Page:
Stack Overflow Survey 2017

Posted: 7 April 2017
Author: Mark Hurren

Some really interesting reading in this year’s Stack Overflow developer survey; the prevalence of C# roles in the East Anglia region clearly isn’t reflected on a global scale. RUST came out as one of the most loved languages globally, although I am yet to see it on a client’s requirement list. The trends since 2013 make it very clear some of the languages considered on the fringes locally are a force to be reckoned with on the wider playing field. With Python now above PHP in the popularity stakes.

Some of the statistics are less surprising, with males still the dominant group in the space. The push towards web and cloud-based development is clearly playing its part in some of the trends, with JavaScript topping the popularity chart again this year. That’s the 5th year running.

JavaScript-based offerings also fared well in the category of most popular “frameworks, libraries and other technologies”, where Node.js and AngularJS were first and second, with React at No. 4.

Here are some of the top-line comments based on the 64,000 respondents…

  • In the five years Stack Overflow has been collecting the Developer Survey, it has seen languages such as Python and Node.js grow in popularity, while the usage of languages like C# and C has been shrinking.
  • About three-quarters of respondents identify as Web developers, although many also said they are working to build desktop apps and mobile apps.
  • Developers tend to be satisfied with their career, and more so in general than with their current job. Overall, career satisfaction does not vary significantly by industry. However, current job satisfaction is significantly lower for developers working in finance, retail/wholesale, and logistics.
  • Only 13.1 percent of developers are actively looking for a job. But 75.2 percent of developers are interested in hearing about new job opportunities.
  • For the second year in a row, Rust was the most loved programming language. This means that proportionally, more developers wanted to continue working with it than any other language. Swift, last year’s second most popular language, ranked as fourth.
  • Visual Studio was the most popular developer environment tool for web developers, desktop developers, and data scientists — but not for sysadmins/DevOps, who preferred Vim above all else. Notepad++ was popular across the board.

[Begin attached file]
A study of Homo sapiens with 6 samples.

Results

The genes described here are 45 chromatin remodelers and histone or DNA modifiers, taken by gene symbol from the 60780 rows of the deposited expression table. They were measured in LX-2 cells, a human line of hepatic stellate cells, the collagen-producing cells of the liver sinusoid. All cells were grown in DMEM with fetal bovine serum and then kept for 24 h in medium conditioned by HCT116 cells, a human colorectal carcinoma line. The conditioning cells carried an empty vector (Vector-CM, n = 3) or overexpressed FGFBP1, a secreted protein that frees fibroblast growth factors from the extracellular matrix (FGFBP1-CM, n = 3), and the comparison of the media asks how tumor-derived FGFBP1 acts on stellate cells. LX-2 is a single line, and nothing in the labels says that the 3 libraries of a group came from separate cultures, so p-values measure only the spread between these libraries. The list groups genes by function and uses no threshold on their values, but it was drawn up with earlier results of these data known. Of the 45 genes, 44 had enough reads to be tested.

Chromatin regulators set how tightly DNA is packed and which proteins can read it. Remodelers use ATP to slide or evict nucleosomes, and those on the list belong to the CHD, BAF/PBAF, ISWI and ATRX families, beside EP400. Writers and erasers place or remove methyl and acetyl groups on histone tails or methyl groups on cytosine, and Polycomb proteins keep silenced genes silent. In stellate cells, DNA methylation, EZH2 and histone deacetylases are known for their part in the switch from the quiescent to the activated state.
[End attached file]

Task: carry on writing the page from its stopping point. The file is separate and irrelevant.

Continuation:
• Only 13.1 percent of developers are actively looking for a job. But 75.2 percent of developers are interested in hearing about new job opportunities.
  • When asked what they valued most when considering a new job, 53.3 percent of respondents said remote options were a top priority. A majority of developers, 63.9 percent, reported working remotely at least one day a month, and 11.1 percent say they’re full-time remote or almost all the time.
  • A majority of developers said they were underpaid. Developers who work in government and non-profits feel the most underpaid, while those who work in finance feel the most overpaid.

The question for employers has to be should we continue to invest in languages that are showing year-on-year signs of decline in popularity? I appreciate budget, the will of the senior board, market conditions, end-user impact, etc. all play a part in this, but in an ideal world what would be your response?

I was chatting with a CTO over lunch recently who questioned the concept of the rinse and repeat cycle often employed by companies, where an entire platform is migrated to the latest and greatest language only to be repeated again in the short to medium term. His own view on legacy debt was the idea of looking at the existing architecture as an ecosystem.

Coming at the problem from a business perspective, not as a technical conundrum, what does that section of code do? Is there a tool in the open market that a company is already offering that could be used for that section? Do we have to invest in our own team reinventing the wheel or can we simply integrate their code into our ecosystem – with the ultimate aim of building in flexibility and opening up the option of simply replacing elements of code as time passes, while benefiting from other companies own work to keep their section of the ecosystem robust and up to date?

My opinion? As a failed programmer who turned to recruiting developers because he didn’t make the grade! Well, I think he is onto something. I believe with the dawning of Cloud, the wider acceptance of subscription-based and SaaS models, the prospect of large-scale migrations and huge legacy debt that require major overhaul every few years simply doesn’t make sense.

Every cutting-edge technology is tomorrow’s legacy programming language, so why place all your eggs in one basket? Or at the very least, deploy the architecture as an ecosystem that makes tweaks down the line far easier. That said, I realised many years ago there is always more than one solution to a technical problem, so I offer my opinion as a developer wannabe and bow my head to those of you that made the grade.